Award-Winning Journalist; Acclaimed Author; Future of Work, Education and Technology Expert
An award-winning, former correspondent for National Public Radio, Anya Kamenetz is a futurist with a passion for the complexities of how we learn, work and live in a rapidly changing world.
As the lead education reporter for NPR, Kamenetz coordinated the public broadcaster’s education coverage online and on-air. Previously she covered technology, innovation, sustainability, and social entrepreneurship as a staff writer for Fast Company magazine. Her reporting—on technology, the cost of higher education, career development, the future of work, post-pandemic life, and many other topics—has appeared in a wide range of publications, including The Guardian, Medium, Muck Rack, New York Magazine, The New York Times, “O” the Oprah Magazine, Slate, The Village Voice, WIRED, and The Washington Post.
Kamenetz’s most recent book is The Stolen Year: How COVID Changed Children’s Lives, and Where We Go Now (August 2022). In it, she considers the pandemic’s impact on the lives of children and the burden on working parents trying to care for, help educate and keep children safe at home. With audiences, Kamenetz explores the long-term implications of the pandemic for schools, colleges, businesses, and employees. She also traces the many links between the pandemic, the “Great Resignation,” and the growing realization that building diverse, equitable and inclusive working environments is critical to economic growth and a resilient workforce.
Kamenetz’s four previous books include her debut, Generation Debt, which received critical acclaim for stoking debate on the unprecedented economic challenges young people face. In 2010, she published DIY U: Edupunks, Edupreneurs, and the Coming Transformation of Higher Education, which looks at the promise and potential of technology and open-source education models for more affordable, personalized, and experience-based learning paths. The book, which directly inspired the founding of at least one $400-million education company, prompted the Huffington Post to name her an “Game Changer in Education.” In it, Kamenetz explored the intersection of meritocracy, race, and class, asking “how can we build a system that works for everybody?”
Critics called Kamenetz’s third book, The Test, a “must read” for anyone interested in our education system. It explored the past, present and future of standardized assessments and challenged conventional ideas about intelligence, achievement, and success. Her book The Art of Screen Time—which has been translated into six languages—is an astonishingly prescient guide to the research on young people’s screen use will change the way you think about digital natives and parenting in the digital age. As co-host of the chart-topping podcast Life Kit for Parenting, Anya continues to shape the dialogue around education, parenting and technology.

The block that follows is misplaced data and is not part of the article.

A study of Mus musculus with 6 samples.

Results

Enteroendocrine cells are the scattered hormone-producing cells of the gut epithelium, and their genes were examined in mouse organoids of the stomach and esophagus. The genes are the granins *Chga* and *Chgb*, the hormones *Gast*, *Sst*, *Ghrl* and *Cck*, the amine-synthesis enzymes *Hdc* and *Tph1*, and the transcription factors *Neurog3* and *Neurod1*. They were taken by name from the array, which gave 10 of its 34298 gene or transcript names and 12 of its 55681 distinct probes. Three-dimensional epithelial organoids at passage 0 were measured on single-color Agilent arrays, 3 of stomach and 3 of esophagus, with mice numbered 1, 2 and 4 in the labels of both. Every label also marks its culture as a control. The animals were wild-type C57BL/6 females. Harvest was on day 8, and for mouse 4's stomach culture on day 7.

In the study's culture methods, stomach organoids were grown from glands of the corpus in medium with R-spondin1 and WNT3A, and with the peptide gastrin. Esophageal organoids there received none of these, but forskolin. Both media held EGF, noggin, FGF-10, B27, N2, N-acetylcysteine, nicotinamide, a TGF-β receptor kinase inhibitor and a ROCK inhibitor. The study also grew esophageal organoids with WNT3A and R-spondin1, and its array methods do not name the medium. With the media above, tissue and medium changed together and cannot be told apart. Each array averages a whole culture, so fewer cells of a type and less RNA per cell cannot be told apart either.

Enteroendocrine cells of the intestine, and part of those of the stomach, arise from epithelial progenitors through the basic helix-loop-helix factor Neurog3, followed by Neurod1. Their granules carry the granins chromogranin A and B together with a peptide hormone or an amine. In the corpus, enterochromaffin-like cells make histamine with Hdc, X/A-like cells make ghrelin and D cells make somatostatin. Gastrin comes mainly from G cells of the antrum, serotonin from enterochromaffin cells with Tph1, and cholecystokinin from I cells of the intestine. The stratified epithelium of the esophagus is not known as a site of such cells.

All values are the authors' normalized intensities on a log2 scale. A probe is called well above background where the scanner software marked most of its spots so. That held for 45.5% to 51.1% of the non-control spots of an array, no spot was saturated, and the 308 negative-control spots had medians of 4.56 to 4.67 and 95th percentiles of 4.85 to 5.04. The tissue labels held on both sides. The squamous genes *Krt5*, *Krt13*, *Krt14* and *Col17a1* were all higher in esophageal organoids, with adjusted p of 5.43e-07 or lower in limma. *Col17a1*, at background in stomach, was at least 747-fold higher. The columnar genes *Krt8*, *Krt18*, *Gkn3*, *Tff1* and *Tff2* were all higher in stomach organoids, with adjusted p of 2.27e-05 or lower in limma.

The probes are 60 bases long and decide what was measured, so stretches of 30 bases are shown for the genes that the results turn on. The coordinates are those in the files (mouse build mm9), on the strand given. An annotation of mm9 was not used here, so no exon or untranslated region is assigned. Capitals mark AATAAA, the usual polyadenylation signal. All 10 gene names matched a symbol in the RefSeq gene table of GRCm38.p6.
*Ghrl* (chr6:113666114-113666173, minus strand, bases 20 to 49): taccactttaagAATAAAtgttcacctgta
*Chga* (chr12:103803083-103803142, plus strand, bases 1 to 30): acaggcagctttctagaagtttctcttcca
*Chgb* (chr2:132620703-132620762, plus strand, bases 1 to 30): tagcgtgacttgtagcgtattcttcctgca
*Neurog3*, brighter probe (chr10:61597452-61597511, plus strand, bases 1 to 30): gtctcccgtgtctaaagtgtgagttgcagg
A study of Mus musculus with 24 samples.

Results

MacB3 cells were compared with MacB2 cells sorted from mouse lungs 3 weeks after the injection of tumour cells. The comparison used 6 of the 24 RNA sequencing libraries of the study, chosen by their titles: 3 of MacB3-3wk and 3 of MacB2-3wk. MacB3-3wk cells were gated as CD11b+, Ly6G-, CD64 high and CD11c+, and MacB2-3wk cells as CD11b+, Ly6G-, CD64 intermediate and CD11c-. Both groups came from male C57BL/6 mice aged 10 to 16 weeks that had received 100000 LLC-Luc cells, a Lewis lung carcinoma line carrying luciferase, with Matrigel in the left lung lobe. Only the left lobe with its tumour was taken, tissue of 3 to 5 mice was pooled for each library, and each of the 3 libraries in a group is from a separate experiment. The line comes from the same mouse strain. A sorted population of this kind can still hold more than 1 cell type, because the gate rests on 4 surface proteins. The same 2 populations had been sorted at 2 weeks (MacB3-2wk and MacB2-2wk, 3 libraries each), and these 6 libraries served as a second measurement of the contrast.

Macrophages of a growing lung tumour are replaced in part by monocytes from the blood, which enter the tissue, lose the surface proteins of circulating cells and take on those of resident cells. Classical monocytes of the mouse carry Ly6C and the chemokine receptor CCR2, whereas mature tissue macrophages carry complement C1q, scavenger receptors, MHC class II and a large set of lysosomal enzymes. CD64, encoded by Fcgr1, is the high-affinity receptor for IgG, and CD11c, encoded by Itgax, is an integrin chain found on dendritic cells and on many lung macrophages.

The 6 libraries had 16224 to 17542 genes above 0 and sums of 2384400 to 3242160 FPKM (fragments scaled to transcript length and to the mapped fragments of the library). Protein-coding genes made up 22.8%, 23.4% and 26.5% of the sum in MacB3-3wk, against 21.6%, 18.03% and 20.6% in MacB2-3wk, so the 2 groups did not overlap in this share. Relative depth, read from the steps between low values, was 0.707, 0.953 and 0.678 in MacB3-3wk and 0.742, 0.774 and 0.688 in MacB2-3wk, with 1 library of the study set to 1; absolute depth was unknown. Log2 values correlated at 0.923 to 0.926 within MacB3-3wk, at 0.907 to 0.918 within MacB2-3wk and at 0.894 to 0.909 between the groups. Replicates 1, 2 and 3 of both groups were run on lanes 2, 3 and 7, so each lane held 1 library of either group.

Kamenetz is a three-time winner of national awards from the Education Writers Association (2009, 2010 and 2015), and her digital education coverage at NPR won a 2017 Edward R. Murrow award for Innovation from the Radio Television Digital News Association. She appears in the documentaries Generation Next (2006), Default: A Student Loan Documentary (2011), both shown on PBS, and Ivory Tower, (2014) distributed by Participant Media.
Since the coronavirus pandemic kicked off the largest distance learning experiment in history, Anya has been deluged with requests to unpack what the future might bring for colleges, the K-12 education system, and businesses that need to rethink training and recruitment. Her presentations have been called both reassuring and inspiring as they draw people to think about their own experiences in a broader historical context and help students get excited for their role in shaping a better future. Anya engages audiences with insightful perspectives on the evolution of learning, and how to apply it all to advance one’s purpose.
Anya grew up in Louisiana, in a family of writers and mystics, and graduated from Yale University in 2002. She lives in Brooklyn with her husband and two daughters.